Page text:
You’re a cardiologist who sees children and teens who faint. Does that mean pediatric syncope is caused by a heart condition?
Not necessarily. In fact, most fainting episodes in children are not the result of any heart abnormality. Most fainting in children and young adults is “vasovagal syncope”—or the common faint. It looks like this: someone is upright and starts to feel lightheaded and becomes pale and sweaty. They might see spots or have tunnel vision. They may seem confused or not make sense when they talk. In some cases, there may be some slight shaking or twitching movements. Then, they faint. Or not. In some cases, a person has these symptoms but doesn’t actually faint. When they lie flat, blood goes to the head and they tend to recover quickly.
What causes this type of fainting?
It is caused by a development-related malfunction of the body’s autonomic nervous system—the system that controls involuntary functions like heart rate and perspiration. Normally, when you stand up from lying down, your adrenaline and heart rate go up to keep enough blood moving to the brain. After the blood moves up, adrenaline and heart rate calm down. But the autonomic controls in some children are not fully developed, so the process might not work the way it should. In certain circumstances, as heart rate and adrenaline go up, a reflex is triggered in the brain that basically says, “Shut it down.” Blood pressure and heart rate can drop, resulting in fainting.
So standing up too quickly is the trigger?
It’s one trigger. There’s also something called situational syncope. This is when other things—strong emotions, seeing blood, swallowing a big piece of food, even hair braiding or urinating—trigger fainting.
Will kids with this problem grow out of it? What can you do to help prevent fainting episodes in the meantime?
I see children of all ages for fainting, but the average age for this to peak is around 14. Most people outgrow this type of problem, but some will continue to have problems as an adult. As for prevention, understanding the cause of the problem is the first step. However, staying hydrated is important for prevention. Water is the most common “prescription” I hand out. When you have this problem and are not hydrated, the heart doesn’t have enough blood volume to pump to the brain, causing dizziness or fainting. Besides hydration, simple body movements could help prevent fainting. Since blood is trapped in your legs, simply crossing your legs and squeezing your thigh muscles can cause dizziness.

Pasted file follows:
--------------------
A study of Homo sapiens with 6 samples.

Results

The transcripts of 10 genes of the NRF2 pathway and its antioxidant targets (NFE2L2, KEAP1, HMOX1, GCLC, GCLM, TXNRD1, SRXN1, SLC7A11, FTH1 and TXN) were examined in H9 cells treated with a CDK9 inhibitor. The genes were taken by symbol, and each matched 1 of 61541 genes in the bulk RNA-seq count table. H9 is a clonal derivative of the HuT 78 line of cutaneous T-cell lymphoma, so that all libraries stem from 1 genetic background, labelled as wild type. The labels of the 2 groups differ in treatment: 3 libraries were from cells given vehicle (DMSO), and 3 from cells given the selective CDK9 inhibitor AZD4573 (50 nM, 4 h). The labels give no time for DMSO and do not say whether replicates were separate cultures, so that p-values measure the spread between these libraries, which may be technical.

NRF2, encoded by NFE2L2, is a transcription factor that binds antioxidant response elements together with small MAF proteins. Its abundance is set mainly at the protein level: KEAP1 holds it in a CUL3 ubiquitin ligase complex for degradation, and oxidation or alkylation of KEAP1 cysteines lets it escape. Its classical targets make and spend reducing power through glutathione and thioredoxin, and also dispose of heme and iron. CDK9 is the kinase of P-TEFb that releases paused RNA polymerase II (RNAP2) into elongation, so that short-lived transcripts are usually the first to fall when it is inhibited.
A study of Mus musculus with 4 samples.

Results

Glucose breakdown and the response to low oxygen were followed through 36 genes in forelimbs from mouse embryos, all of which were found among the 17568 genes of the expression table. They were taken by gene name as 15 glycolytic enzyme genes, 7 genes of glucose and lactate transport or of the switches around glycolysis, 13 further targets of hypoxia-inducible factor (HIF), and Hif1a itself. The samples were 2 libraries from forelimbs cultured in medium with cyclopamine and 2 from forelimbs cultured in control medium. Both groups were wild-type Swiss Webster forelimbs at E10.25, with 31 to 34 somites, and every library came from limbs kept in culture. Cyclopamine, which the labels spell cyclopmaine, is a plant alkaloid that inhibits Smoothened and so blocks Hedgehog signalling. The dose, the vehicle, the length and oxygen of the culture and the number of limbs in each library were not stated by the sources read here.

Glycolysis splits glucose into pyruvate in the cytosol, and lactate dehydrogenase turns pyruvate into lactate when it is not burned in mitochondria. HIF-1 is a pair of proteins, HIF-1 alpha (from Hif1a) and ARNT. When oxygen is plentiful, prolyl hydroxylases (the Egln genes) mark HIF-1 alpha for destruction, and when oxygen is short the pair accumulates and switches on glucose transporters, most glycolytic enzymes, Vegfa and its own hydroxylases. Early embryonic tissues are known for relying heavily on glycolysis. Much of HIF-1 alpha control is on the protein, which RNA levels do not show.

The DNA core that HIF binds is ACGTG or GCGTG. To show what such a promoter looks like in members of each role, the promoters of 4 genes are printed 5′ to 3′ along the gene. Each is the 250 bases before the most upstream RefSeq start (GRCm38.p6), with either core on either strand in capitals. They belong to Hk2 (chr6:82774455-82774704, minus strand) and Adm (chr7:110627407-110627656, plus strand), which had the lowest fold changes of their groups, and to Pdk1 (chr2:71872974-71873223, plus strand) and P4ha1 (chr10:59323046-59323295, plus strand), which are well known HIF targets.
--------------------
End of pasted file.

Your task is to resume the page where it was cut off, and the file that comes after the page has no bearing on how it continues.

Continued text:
How do you determine whether the fainting is caused by something more serious?
The evaluation for fainting should include a thorough history of what happened. My evaluation starts with listening to the patient. I’ll ask what they remember about the fainting episode, when they started to feel bad, who saw it happen, what happened just before. Most people don’t remember these details until you ask them. We also go into the family’s history, as some causes can be genetic. In addition to the history and a physical exam, an electrocardiogram [a test of the electrical activity of the heart] may be performed. I may also do orthostatic testing—comparing heart rate and blood pressure while lying flat to standing up. We may do an echocardiogram to look for structural abnormalities of the heart. We might conduct an exercise test—sometimes called a stress test. If I am concerned that it may be related to a possible seizure, I might refer a patient to a neurologist.
Why do some people faint after exercise?
If your child talks about his or her heart racing, feeling faint, or actually fainting on the field, there must be an evaluation by a cardiologist. Athletic sudden death is incredibly rare; still, parents need to stay in touch with their children about their symptoms. An adolescent who may be worried about permission to play may not spontaneously talk about problems. In addition, many teens just assume that symptoms they have are normal.